The risk of cardiovascular diseases such as stroke and heart attack is increased by diabetes, high blood pressure, obesity, and smoking. In addition to these classic risk factors, so-called non-traditional risk factors are increasingly coming into focus. Stress, fatigue, insomnia, and exhaustion are listed among these non-traditional risk factors.
Increase In Stress, Exhaustion, and Sleep Disorders
At the European Stroke Organization (ESO) Conference 2021, a team from Switzerland presented data that showed an increase in these non-traditional risk factors, especially in women .
The researchers determined the increase in stress, sleep disorders, etc. from data from a total of 22,000 men and women. These were collected as part of the Swiss health survey of 2007, 2012, and 2017. In Switzerland, the survey has been carried out every five years by the Federal Statistical Office since 1992 in order to collect data on the state of health and health-related behavior of the population.
“Alarming” increase, especially among women
When analyzing the data, the researchers found an “alarming” increase in the number of women who reported these non-traditional risk factors for cardiovascular disease. The trend coincided with the increase in full-time work among women. While 38% of women worked full-time in 2007, five years later the figure was 44%.
Workload-induced stress was reported by both men and women, with an increase for both sexes from 59% in 2012 to 66% in 2017. At the same time, tiredness and exhaustion rose from 23% to 29%. Here the distribution between the sexes was different. 33% of women and 26% of men complained of tiredness and exhaustion. Sleep disorders also increased, from 24% to 29%. Women reported severe sleep disorders more often than men (8% vs. 5%).
Traditional Risk Factors Stable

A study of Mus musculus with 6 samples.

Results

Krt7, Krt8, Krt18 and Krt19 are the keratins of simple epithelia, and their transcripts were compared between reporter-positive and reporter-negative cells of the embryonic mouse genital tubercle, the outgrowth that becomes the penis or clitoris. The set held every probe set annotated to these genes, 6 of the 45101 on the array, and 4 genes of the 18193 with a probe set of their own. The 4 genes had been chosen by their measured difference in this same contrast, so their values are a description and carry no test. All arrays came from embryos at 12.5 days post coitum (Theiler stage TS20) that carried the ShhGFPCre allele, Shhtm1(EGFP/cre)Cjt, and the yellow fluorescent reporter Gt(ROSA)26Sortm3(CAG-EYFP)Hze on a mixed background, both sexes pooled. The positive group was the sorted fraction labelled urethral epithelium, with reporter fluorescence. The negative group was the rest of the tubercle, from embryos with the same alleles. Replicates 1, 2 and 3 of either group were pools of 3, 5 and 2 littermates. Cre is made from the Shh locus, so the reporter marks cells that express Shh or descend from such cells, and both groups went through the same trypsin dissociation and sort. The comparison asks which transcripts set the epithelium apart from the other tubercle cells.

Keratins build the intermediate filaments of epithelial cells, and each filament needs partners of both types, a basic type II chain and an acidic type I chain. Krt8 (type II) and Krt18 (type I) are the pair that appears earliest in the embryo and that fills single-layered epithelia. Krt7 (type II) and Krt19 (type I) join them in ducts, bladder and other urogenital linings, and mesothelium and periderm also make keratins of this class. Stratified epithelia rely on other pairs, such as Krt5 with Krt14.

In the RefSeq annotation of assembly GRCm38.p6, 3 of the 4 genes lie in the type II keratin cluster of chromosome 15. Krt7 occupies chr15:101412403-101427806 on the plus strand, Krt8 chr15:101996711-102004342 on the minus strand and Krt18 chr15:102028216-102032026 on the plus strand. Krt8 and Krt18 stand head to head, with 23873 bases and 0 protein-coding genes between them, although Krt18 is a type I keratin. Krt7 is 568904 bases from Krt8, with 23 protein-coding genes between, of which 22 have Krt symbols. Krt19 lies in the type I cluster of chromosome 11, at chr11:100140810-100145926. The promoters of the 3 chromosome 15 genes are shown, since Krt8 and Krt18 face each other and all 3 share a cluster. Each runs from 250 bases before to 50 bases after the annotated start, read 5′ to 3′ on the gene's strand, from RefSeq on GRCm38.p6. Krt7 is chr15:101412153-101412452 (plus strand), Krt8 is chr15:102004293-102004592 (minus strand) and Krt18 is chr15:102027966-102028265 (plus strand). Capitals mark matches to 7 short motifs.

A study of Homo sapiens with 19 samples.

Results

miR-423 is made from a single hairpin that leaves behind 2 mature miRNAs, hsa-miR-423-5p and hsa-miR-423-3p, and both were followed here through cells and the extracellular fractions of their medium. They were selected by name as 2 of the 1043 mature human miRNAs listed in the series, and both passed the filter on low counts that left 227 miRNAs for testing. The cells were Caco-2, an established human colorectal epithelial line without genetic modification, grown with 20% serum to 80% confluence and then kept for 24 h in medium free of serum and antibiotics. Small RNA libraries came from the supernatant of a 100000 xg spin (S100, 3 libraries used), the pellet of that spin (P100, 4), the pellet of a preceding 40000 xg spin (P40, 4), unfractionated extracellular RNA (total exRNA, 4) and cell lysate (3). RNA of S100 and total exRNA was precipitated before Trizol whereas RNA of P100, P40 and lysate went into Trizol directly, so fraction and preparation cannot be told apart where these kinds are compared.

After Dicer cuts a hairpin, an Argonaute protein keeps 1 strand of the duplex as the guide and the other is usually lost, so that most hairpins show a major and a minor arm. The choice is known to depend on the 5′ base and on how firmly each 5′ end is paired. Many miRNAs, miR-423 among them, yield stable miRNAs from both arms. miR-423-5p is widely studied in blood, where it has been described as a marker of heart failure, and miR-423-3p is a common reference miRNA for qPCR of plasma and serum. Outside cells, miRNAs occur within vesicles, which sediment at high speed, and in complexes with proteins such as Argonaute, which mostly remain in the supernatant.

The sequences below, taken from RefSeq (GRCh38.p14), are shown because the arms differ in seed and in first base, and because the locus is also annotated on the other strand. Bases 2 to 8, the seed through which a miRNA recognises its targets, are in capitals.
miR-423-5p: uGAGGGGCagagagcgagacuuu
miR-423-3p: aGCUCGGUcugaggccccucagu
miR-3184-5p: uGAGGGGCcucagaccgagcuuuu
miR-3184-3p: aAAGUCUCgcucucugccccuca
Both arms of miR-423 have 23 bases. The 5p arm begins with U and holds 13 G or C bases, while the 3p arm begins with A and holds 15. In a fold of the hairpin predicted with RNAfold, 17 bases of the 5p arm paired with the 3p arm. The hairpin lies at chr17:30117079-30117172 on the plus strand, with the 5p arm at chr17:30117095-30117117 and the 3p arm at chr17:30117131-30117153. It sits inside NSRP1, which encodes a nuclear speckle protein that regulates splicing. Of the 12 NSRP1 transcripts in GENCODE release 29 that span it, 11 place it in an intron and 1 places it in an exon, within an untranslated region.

The traditional risk factors were found to be stable in the surveys: 27% of the respondents suffered from hypertension, 18% from hypercholesterolemia, 5% from diabetes, and 11% from obesity. There was less smoking overall, cigarette consumption fell from 10.5 cigarettes per day to 9.5 cigarettes. Both obesity and smoking were more common in men.
Take Socio-Cultural And Gender Aspects Into Account
The study authors Dr. Martin Hänsel, a neurologist at the University Hospital Zurich, and Professor Dr. Susanne Wegener from the University of Zurich said of the results of the study: “Our study found that men are more likely to smoke and are obese than women. However, women reported a greater increase in non-traditional risk factors for heart attacks and strokes, such as work stress, insomnia, and feelings of tiredness and exhaustion ”, .
“This increase coincides with the number of women in full-time employment. Juggling work and household chores or other socio-cultural issues can be a factor, as can women’s specific health needs that may not be taken into account in our busy everyday lives,” she said Authors continue.
In view of the study results, Wegener points out that women in some countries are already more likely to suffer strokes or heart attacks. One more reason to examine gender-specific differences and non-traditional risk factors more closely and to incorporate this knowledge into future prevention programs.